Discover the inspiring interiors of this Australian self-build
Take a tour of the bold and dramatic interiors of this modern self build
While this self-build may appear minimalist from the outside, this contemporary exterior belies surprisingly characterful interior design.
After one too many night’s spent in her husband’s childhood room when visiting family in the city of Hobart, Australia, Laura Bamford had the idea to self-build a home from home, that she could also offer as a unique rental experience.
The resulting home, Slow Beam, resulted from the couple collaborating with Sarah Trotter of Hearth Studio, to create a property that contrasts modern architecture with the rugged native bushland of the area.
Where interiors in modern self-builds can often be understated to leave room for the architecture to breathe, Slow Beam’s approach is bold and dramatic. It demonstrates a way for characterful interiors to supplement striking architecture – the black interiors envelop to highlight the stunning exterior view, while vibrant colour and playful colour offers a foil to the rustic, earthy colours of the surrounding landscape.
Located on a steep hill, large picture windows offer sweeping views of the waterfront city, without sacrificing privacy. To the side elevation of the property, and exposed window promises a glimpse of the exciting interiors in the bold-walled bathroom.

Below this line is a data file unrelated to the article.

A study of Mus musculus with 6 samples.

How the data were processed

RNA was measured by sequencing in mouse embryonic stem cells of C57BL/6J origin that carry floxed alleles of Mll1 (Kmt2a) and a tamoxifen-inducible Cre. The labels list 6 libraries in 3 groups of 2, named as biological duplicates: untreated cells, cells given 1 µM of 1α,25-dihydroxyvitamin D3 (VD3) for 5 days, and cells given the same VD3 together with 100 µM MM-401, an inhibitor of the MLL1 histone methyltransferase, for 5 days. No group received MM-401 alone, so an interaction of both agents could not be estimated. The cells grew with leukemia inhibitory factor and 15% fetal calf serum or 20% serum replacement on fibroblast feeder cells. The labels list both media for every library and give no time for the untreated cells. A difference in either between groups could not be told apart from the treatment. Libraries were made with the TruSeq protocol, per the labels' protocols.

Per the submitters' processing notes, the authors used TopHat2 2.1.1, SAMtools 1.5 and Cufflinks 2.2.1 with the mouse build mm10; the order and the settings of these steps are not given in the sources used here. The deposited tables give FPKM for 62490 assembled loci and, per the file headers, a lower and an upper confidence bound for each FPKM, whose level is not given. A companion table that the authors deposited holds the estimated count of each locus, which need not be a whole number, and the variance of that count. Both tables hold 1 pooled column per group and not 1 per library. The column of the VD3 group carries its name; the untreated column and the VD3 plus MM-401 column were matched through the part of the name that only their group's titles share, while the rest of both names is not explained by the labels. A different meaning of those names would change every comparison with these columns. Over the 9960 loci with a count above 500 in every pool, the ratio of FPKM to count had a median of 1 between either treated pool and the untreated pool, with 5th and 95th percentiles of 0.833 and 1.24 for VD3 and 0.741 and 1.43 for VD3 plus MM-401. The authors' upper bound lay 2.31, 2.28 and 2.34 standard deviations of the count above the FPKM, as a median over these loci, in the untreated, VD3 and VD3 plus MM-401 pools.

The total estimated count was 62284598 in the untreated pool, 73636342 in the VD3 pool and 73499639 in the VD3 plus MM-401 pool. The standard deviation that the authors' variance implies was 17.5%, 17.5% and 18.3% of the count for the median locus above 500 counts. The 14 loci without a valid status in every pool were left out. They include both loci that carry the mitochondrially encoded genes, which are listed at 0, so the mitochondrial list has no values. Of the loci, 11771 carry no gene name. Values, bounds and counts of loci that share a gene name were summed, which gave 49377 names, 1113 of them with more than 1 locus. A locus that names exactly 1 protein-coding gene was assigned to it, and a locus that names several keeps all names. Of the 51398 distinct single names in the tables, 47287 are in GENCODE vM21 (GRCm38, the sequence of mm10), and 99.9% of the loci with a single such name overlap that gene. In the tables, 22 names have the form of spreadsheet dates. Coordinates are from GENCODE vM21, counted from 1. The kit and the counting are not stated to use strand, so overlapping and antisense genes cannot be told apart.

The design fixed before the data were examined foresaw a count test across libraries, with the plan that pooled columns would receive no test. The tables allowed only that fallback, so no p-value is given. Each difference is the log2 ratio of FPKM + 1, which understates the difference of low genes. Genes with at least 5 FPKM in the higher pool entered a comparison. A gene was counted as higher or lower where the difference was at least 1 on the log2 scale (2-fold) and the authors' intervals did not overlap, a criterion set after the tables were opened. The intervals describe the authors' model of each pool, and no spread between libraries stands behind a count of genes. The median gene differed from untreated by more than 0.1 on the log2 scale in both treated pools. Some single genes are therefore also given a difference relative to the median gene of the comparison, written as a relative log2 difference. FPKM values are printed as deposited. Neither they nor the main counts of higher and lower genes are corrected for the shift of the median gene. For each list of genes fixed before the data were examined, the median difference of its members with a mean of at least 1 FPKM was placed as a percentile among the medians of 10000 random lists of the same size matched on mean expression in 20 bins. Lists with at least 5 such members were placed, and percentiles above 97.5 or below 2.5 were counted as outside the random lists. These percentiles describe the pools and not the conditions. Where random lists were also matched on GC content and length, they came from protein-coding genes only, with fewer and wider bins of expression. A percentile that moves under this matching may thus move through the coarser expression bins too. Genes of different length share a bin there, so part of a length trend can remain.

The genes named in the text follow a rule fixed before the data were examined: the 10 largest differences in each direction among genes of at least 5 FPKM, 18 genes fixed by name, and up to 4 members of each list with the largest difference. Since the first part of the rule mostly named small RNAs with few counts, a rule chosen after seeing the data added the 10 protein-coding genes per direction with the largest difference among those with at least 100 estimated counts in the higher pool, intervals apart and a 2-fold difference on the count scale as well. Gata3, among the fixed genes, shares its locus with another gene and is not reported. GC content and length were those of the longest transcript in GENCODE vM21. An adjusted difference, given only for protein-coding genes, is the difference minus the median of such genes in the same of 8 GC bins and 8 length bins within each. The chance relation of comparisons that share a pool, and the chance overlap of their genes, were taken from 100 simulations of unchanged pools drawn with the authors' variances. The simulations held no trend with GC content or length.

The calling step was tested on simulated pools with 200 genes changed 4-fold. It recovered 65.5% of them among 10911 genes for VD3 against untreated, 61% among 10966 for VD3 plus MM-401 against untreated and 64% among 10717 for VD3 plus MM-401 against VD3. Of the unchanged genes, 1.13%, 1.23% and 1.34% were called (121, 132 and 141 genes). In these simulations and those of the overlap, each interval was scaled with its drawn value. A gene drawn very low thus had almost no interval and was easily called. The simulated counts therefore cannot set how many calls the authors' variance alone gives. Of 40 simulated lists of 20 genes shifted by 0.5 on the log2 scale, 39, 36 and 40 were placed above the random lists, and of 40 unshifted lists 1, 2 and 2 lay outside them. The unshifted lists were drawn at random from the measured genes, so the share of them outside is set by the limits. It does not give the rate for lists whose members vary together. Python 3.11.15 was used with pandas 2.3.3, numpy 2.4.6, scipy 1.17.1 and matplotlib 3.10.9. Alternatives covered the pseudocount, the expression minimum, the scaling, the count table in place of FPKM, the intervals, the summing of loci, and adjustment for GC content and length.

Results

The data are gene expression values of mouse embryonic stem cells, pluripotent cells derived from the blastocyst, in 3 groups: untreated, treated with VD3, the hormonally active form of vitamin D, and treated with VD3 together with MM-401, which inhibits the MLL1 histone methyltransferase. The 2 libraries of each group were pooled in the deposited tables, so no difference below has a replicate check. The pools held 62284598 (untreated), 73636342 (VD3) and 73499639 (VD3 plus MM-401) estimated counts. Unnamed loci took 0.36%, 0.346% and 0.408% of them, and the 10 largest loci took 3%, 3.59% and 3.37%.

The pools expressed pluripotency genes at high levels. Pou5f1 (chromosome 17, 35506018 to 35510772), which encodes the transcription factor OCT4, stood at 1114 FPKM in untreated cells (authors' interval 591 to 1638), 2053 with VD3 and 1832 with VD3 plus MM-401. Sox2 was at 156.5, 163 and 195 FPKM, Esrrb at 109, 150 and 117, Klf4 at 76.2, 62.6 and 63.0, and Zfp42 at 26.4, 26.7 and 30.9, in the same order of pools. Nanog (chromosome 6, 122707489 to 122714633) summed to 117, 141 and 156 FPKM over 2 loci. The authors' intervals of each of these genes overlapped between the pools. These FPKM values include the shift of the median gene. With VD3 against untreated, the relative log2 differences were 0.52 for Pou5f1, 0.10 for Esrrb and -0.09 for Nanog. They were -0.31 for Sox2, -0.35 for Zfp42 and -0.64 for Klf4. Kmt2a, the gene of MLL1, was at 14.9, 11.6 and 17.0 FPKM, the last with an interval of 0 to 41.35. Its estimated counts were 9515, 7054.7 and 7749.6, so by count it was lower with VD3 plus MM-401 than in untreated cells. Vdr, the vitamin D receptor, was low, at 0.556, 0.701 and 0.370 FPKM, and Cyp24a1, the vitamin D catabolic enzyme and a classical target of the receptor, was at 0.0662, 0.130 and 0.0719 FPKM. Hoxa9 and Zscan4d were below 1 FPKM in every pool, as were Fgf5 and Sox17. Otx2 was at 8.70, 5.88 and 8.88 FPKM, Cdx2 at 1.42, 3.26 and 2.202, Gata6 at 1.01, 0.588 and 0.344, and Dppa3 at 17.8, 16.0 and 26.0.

The all-black kitchen is one space where a more minimal style has been adopted, albeit with an intriguing mix of textures to keep the space interesting. A log-burner and Fisher and Paykel appliances complete the space.
“I really wanted this project to be as minimal as possible with the kitchen reading more as furniture than as a full working day-to-day kitchen,” Sarah Trotter explains. “The under-counter fridge really made that possible. The fridge and freezer are integrated seamlessly under the benchtop. Fisher and Paykel really engaged with the design intent of the project making sure we could use black fixtures and deliver the seamless look to the kitchen.”
A space of contrasts
Throughout, windows onto bushland textures offer interesting vignettes – curvaceous furniture meets straight-lined architecture meets organic forms.
You can find out more about this project, and even book to stay on the Slow Beam website.